Finance Minister Grant Robertson gave an update on economic figures during the Covid-19 pandemic.
Missed the briefing? Watch it here:
A $50bn rescue fund was at the centre of last week's 'once in a generation Budget' and included and extension of the wage subsidy scheme to the hardest hit businesses, free trades training, and a state house building programme.
Today ministers detailed spending of the more than $36m allocated in March to help keep people working.
It includes about $15 million for roading projects in the Hawke's Bay, $9.51m for roading in Northland and $1.12m for Rotorua. Queenstown Lakes receives $1.4m to support workers into new jobs after widespread redundancies.
Robertson said the take up of the small business cashflow scheme has been strong with 49,360 applications received.
He said $824m has been distributed under the scheme already.
He also said he is seeing increased economic activity in level 2.
Compared to this time last year, economic activity is down 11 percent.
Electricity demand is back at pre-lockdown levels.
There has been an increase in the number of people going onto jobseeker support with 1606 people going onto it last week, Robertson said.
"While this remains distressing for those individuals involved, I would note that the rate of increase has continued to slow over the last few weeks."
There are now 43,000 more people on the jobseeker support benefit since 20 March.
Robertson added that number of special needs and food grants have decreased in the past week.
$10.9bn has been paid out in the wage subsidy scheme and Robertson said the government is looking at other ways to support households and businesses coming out of the lockdown.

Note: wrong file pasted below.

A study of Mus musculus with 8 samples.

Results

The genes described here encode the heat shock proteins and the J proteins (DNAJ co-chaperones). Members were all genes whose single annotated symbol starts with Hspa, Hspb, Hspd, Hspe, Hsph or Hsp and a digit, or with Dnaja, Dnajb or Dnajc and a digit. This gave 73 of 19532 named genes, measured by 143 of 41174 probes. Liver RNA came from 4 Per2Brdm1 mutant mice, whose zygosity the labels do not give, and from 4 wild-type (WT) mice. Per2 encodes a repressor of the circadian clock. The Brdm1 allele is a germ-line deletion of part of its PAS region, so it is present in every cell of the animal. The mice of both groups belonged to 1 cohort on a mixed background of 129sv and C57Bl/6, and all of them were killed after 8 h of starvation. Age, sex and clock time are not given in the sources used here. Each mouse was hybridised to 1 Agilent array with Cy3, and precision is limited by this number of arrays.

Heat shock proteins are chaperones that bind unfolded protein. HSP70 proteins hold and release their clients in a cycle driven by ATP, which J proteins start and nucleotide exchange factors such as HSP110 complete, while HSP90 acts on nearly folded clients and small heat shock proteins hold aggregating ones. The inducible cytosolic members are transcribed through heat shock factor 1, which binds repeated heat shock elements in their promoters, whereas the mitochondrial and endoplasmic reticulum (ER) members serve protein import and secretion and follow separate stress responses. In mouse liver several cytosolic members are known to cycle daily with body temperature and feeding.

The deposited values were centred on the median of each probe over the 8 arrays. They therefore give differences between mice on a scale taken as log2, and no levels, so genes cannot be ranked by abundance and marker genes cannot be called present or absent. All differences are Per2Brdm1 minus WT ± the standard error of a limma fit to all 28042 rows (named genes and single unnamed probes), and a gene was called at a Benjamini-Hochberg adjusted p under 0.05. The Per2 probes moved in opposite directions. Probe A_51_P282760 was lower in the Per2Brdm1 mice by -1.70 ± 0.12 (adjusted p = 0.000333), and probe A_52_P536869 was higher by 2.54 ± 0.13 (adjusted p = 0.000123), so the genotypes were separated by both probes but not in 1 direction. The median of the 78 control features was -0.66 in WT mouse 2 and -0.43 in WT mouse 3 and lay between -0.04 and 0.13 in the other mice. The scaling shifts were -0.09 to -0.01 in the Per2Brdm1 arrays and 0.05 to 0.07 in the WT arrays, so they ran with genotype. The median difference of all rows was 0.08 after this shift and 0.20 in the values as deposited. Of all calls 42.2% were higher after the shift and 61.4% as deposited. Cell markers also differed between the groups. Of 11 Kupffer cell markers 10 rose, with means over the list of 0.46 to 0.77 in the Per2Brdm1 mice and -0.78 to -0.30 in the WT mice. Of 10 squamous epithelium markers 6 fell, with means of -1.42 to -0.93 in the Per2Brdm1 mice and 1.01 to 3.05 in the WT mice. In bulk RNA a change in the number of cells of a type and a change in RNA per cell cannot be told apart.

During the briefing, Robertson was asked about last night's One NEWS Colmar Brunton poll and how much of that success was down to the policies the government had enacted during the lockdown.
"I think the main thing here is the success the whole country has had in terms of getting on top of the virus and that has been a genuine team effort of five million New Zealanders. I think the public's very clear about the focus that the government has, that we are focussed on both protecting lives and livelihoods, that we've got a focus on growing jobs and keeping people in jobs, and on our economic recovery and rebuild."
"I also think that the strong and clear leadership that the prime minister's shown has been a significant factor in people's confidence as well. So I'd put all those factors together and say that as a country we're doing well and I know that the polls have shown a strong endorsement for the approach taken with the lockdown ... that's something all New Zealanders have bought into and I think those polls are a reflection of that."
Putting his sports minister hat on, Robertson was asked how the government can guarantee that events such as the America's Cup, Women's Cricket World Cup and Women's Rugby World Cup will be able to be played in New Zealand given current border restrictions and the general Covid-19 outlook.
"We're working towards all of those events taking place and I think that's the best way to do it," he said.
"All of the tournaments and the regatta (America's Cup) organisers have contingency plans in place and obviously we all work towards the goal of them happening, if we have to make changes to formats or the way they're organised then we will do that. Nobody can make any guarantees when it comes to Covid-19, we all know that, the full impact is still being felt but the planning and preparation for those events continues."
He added the government is 100 percent committed to the women's Cricket World Cup and Rugby World Cup happening given the financial support it is providing.